The Southern Baptist Convention (SBC) hosted at least 16,000 people on Tuesday to vote on issues that will shape the future of the denomination, including the choice of its next president. According to the Washington Post, this was the largest religious gathering since the Covid-19 Pandemic started in March 2020 as well as the biggest Baptist meeting in decades.

The convention was held amid controversy brewing inside the denomination. Russell Moore, who previously led the Southern Baptist Convention public policy arm, left his position to be a part of Christianity Today after expressing his opposition to former President Donald Trump. He wrote two letters to the SBC that were subsequently leaked to media, wherein Moore described a culture of racism and mishandling of sexual abuse as his main reasons for leaving.

In one of the letters he wrote, “The presenting issue here is that, first and foremost, of sexual abuse. This Executive Committee, through their bylaws workgroup, “exonerated” churches, in a spur-of-the-moment meeting, from serious charges of sexual abuse cover-up. One of those churches actively had on staff at the time a sex offender. J.D. Greear, our SBC president, and I were critical of this move, believing that it jeopardized not only the gospel witness of the SBC, but, more importantly, the lives of vulnerable children in Southern Baptist churches.”

Since the incident, leaders have called for a third-party investigation into how SBC leadership has reacted to issues of sexual abuse within its church community. Moore also wrote that institutional leaders are not allowed to speak about what is happening inside the convention without jeopardizing their jobs.

SBC has influential leaders like Steve Gaines,  Daniel L. Akin, Douglas Carver, and Mac Brunson. Many of the SBC leaders have written books, hosted renowned conferences, and have led some of the largest congregations in the country. With no pope or hierarchy and democratic system of voting, its system is designed to protect its leaders and the institution by not publicly criticizing one another.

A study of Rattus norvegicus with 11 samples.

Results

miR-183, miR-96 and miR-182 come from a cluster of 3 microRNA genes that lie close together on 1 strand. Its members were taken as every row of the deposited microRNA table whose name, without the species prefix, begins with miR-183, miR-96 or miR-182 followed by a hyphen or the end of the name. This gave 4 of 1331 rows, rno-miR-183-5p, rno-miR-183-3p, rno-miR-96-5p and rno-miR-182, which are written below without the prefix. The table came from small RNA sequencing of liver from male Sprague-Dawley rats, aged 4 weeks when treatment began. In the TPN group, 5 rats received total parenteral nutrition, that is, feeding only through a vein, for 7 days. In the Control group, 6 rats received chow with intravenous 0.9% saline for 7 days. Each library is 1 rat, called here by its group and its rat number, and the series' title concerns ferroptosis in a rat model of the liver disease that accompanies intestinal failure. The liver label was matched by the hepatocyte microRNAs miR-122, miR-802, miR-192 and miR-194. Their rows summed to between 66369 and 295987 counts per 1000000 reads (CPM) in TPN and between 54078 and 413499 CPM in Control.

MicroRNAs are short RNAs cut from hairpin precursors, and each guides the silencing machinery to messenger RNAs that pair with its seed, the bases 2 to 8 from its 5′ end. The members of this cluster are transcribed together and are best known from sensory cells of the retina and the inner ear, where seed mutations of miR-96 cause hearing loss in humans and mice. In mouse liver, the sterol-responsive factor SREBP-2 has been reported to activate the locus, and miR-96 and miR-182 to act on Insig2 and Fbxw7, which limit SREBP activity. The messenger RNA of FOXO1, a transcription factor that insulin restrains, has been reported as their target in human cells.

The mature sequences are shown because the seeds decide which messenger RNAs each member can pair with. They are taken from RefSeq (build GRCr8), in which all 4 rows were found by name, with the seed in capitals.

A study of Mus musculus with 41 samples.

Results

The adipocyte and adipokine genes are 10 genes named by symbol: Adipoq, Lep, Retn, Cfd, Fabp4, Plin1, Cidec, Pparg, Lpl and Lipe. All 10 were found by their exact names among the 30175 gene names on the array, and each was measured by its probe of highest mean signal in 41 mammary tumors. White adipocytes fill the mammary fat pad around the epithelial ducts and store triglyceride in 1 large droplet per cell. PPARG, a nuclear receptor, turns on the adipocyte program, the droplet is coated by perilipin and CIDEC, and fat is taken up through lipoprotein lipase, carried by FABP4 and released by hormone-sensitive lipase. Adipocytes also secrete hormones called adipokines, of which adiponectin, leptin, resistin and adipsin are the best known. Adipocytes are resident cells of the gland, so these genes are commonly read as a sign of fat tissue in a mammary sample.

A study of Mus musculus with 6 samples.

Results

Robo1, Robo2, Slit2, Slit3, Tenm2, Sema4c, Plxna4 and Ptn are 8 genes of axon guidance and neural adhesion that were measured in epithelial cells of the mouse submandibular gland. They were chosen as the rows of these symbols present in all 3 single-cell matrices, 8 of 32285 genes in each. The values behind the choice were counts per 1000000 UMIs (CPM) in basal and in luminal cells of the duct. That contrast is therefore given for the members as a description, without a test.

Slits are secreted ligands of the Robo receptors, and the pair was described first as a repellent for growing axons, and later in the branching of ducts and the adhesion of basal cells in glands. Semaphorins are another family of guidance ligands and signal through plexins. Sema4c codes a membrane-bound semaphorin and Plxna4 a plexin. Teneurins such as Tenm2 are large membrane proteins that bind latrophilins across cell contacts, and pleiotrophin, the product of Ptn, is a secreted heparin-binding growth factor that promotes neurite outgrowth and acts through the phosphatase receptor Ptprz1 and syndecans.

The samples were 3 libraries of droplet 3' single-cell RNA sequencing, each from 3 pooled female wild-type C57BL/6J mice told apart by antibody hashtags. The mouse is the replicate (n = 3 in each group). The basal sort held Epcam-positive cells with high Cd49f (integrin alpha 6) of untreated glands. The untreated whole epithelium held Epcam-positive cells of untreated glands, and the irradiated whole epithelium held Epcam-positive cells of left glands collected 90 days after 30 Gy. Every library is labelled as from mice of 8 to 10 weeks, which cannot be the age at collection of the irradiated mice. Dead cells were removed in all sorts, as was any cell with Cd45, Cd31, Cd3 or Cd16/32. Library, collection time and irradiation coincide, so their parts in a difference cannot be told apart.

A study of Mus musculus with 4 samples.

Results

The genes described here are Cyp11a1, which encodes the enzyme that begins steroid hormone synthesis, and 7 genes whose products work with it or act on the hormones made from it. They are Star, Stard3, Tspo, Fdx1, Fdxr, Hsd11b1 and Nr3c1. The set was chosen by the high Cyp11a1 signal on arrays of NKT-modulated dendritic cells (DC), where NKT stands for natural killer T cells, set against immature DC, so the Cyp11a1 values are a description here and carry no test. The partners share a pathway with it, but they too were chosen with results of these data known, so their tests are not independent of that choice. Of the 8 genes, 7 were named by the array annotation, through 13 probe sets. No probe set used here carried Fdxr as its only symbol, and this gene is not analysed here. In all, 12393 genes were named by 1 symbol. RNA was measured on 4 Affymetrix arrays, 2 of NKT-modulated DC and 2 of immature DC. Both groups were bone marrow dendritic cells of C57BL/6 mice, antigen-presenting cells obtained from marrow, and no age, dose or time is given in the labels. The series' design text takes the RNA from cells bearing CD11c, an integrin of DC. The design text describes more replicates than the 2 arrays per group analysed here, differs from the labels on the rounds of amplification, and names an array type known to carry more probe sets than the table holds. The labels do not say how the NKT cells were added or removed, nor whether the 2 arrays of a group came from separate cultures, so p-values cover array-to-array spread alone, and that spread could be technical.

A black pastor, Tez Andrews, who served as an SBC pastor in Atlanta, GA, and on the North American Mission Board director of information (NAMB), was fired after he published a Facebook post about one of the candidates running to be SBC’s president, Mike Stone, who spoke on a podcast against critical race theory (CRT), an intellectual framework to examine systematic racism in the U.S.

NAMB has poured over $130 million into SBC churches and is a powerful force within the organization as it is a deciding factor of how funds will be distributed within SBC like relief efforts and church planters.

In the podcast, Stone noted that SBC has bent over backward to apologize to Black pastors who have left the organization over disagreement with CRT.  Andrews commented on Stone’s remarks.

“Critical Race Theory is a theory and model that helps predict systemic race issuers in society. Mike Stone and people like him are afraid of losing their supremacist position,” Andrews stated.

Andrews was told to take the post down, which he did, but was later informed that he’d still be fired. “They basically said, ‘You disrespected Mike Stone, so you’re gone,’” he shared.

When NAMB was questioned about the accusation, the organization responded with a statement, “Respecting our partners, especially in this era of divisiveness, is a critical core value to which we consistently hold every member of our team accountable.”

Another black pastor, Dwight McKissic, said that SBC has an “unwritten code” in the SBC life. “You have rules outside the Baptist Faith and Message that you don’t know. Now CRT is becoming one of those litmus tests, and whether you vote Republican, and whether you are against women preaching. It’s a test where you’re in or out,” McKissic believed.

Members have gathered in Nashville, Tennessee, addressing the many issues that SBC has been facing, including critical race theory, women’s role in the denomination, the Jan. 6 Capitol riot, and more.